Do I Need Cyber Insurance if I Use a Third-Party Payment Company?
Caeva O'Callaghan | August 3rd, 2022
Third-party services such as PayPal and Stripe help standardise online payments and make your job a little easier. But do you need cyber insurance if you use them?
Yes. If you use a third-party payment company to process transactions online, you will need cyber insurance.
This is because taking online payments comes with a different set of associated risks than with non-digital forms of payment or by taking cards in person.
In this article, we’ll answer the following questions:
- Do I need cyber insurance if I use a third-party payment solution?
- Should my online payment service provide cyber insurance?
- How are my customers’ payment details protected?
If a company collects the data of its customers, e.g. credit card information, then it is the company’s responsibility to keep that data secure.
Do you use a third party payment processor?
A third party payment processor is a merchant services provider. Using a third party payment processor lets you provide more payment methods to your customers, e.g. credit and debit cards or mobile payments. They also help you receive payments without first setting up your own merchant account with a bank.
Third party payment processors come with all the advantages of outsourcing a complex and vital part of your business. The transactions are handled securely, you don’t need to hire professional developers, customer service is on hand, and your customers will already be familiar with using these services.
Examples of well-known third-party payment processors include Square, PayPal and Stripe. The most suitable service will depend on your business needs.
Third party payment processors usually charge a percentage or flat fee per transaction, instead of an annual plan. However even though your transactions may be handled by an outside company, this doesn’t mean you don’t need your own insurance.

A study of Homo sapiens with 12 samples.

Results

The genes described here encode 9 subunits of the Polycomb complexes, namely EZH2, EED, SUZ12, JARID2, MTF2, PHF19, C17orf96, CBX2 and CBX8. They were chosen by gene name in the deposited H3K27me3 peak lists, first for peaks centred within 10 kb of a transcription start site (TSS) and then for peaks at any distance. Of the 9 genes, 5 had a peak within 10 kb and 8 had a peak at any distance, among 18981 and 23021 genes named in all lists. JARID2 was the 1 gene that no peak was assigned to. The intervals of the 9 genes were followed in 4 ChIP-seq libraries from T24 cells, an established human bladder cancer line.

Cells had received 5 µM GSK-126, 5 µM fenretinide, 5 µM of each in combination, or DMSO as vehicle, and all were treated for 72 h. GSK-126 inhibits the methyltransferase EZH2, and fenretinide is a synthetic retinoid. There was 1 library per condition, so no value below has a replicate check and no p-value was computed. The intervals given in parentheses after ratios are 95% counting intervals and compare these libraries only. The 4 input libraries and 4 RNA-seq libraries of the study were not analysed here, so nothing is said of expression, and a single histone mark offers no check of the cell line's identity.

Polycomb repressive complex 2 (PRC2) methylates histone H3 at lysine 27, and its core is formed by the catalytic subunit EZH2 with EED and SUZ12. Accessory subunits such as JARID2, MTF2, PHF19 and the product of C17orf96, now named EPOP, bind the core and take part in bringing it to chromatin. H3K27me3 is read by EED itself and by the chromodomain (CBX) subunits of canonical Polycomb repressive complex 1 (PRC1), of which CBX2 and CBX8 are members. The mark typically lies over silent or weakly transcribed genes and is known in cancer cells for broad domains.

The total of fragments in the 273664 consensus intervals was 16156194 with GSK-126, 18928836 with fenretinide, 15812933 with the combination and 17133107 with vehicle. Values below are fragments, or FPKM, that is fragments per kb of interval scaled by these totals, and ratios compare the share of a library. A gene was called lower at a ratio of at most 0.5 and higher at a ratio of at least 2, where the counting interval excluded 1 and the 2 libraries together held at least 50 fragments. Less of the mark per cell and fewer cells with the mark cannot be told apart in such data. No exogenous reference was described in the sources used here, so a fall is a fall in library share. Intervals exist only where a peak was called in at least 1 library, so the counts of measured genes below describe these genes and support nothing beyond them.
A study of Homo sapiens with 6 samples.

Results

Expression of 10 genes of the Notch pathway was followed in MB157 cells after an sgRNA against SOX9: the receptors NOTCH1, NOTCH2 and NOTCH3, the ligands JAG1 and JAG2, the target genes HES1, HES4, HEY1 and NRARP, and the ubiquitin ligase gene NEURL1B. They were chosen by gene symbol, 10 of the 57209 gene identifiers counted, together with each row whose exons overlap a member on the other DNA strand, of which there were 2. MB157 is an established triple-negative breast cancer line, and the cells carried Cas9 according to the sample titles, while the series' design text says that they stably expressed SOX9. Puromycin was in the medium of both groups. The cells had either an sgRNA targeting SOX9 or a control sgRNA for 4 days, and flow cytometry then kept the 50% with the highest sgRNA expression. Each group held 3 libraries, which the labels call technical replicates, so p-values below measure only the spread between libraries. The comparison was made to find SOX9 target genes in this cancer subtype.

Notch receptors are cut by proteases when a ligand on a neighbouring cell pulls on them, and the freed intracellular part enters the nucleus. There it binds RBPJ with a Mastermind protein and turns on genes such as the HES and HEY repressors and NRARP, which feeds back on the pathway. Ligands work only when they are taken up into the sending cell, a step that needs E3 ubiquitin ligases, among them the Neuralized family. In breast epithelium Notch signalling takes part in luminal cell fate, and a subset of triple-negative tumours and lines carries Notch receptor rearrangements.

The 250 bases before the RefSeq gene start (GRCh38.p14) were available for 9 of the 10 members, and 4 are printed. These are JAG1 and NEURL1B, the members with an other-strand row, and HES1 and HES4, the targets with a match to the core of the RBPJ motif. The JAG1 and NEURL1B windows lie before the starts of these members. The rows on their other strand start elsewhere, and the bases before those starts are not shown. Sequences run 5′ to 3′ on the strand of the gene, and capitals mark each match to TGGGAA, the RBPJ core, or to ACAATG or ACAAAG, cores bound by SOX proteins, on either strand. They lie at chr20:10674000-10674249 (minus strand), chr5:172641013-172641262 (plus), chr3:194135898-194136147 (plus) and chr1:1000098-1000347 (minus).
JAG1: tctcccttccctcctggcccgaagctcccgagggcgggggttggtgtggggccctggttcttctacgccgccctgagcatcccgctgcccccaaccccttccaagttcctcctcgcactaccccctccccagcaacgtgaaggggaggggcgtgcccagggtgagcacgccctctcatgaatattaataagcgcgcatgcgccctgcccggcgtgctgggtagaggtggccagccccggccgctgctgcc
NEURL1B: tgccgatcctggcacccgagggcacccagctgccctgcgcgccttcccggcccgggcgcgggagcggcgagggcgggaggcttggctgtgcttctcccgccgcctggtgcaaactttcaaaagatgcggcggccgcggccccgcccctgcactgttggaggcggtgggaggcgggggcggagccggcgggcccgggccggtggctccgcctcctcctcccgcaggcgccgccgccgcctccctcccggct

Take out your own cyber insurance
Put simply, even if all your payments are handled by a third party service, your business will still hold information on your clients. This may include their passwords, their order history, addresses and more, for example.
Just because a third party payment provider allows you to send and receive money, doesn’t mean it’s solely responsible for collecting your customers’ data – and while cost-effective it’s not necessarily a safer option.
On November 21, 2019, Edenred, a payment solutions provider, reported that it was infected by malware. Operating across 46 countries, they managed 2.5 billion payment transactions in 2018. The number of people affected and the extent of the attack is still currently unknown.
And in 2020, the Marriott Hotels Group suffered an attack in which 5.2 million customers’ credit card details, emails and home addresses were obtained by hackers. It came after a catastrophic data breach which saw the records of approximately 339 million guests exposed, where hackers were found to have had unauthorized access to the hotel’s network since 2014.
These businesses could not have survived without cyber insurance. No matter if you use a third party payment processor or not, your business – and your clients’ and employees’ information – is at risk if you don’t have cover.
Costs of a data breach
As soon as possible after you realise your business has been compromised, you must inform the regulatory authorities. Failing to do so will result in a hefty fine, as you will be falling foul of GDPR regulations.
Your cyber insurance will also help to cover any loss of business while you get things back up and running. It can also help cover the costs of hiring security experts to upgrade your systems so an attack doesn’t happen in the future.
Confused about cyber insurance? Give us a call today, and our cyber liability insurance experts will be on hand to walk you through all the cover options when it comes to protecting your business.
All Information in this post is accurate as of the date of publishing.